A Mediterranean diet typically involves fruits, vegetables and fish, and a slower consumption of dairy, red meat, and sugars.
Over the past 15 years, much research evidence shows that such a diet may help reduce risks of heart diseases, cancer, metabolic syndrome, and dementia.
In a recent review, scientists find that a Mediterranean diet may improve daily memory performance. The paper is published in Frontiers in Nutrition.
Researchers from Swinburne University of Technology in Australia and Deakin University in Australia conducted the scientific review.
They focused longitudinal studies that tested how a Mediterranean diet may impact cognitive functions in adults over time.
Researchers included studies that used either a food questionnaire or a food diary. These tools recorded people’s daily eating behavior. A total of 18 studies were included in the review. These studies also measured people’s cognitive performance.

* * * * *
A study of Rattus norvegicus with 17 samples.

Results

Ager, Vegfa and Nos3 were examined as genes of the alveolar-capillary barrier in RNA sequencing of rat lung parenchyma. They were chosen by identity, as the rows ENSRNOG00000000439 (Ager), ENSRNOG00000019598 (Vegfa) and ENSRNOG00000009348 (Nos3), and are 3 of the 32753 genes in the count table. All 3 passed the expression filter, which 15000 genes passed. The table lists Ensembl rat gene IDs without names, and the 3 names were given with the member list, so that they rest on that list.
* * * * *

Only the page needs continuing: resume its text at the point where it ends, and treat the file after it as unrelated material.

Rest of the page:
Researchers found that eating a Mediterranean diet was associated with slower rates of cognitive decline, reduced risk of Alzheimer’s disease, and improvements in cognitive functions.
Importantly, the specific cognitive functions that were found to benefit with improved Mediterranean diet were memory, executive functions, and visual functions.
Executive functions include attention control, reasoning, problem solving, planning, inhibitory control, and cognitive flexibility.
Researchers suggest that a healthy diet, such as Mediterranean diet, may be essential to maintain quality of life and reduce the potential social and economic burden of dementia.
To start a Mediterranean diet, people can replace butter with healthy oils as often as possible, increase protein intake, eat vegetables and fruits every day, eat whole-grain bread, snack on nuts, seeds or low-fat cheese, drink less alcohol, and eat slowly.
Citation: Hardman RJ, et al. (2016). Adherence to a Mediterranean-Style Diet and Effects on Cognition in Adults: A Qualitative Evaluation and Systematic Review of Longitudinal and Prospective Trials. Frontiers in Nutrition, 3. doi:10.3389/fnut.2016.00022.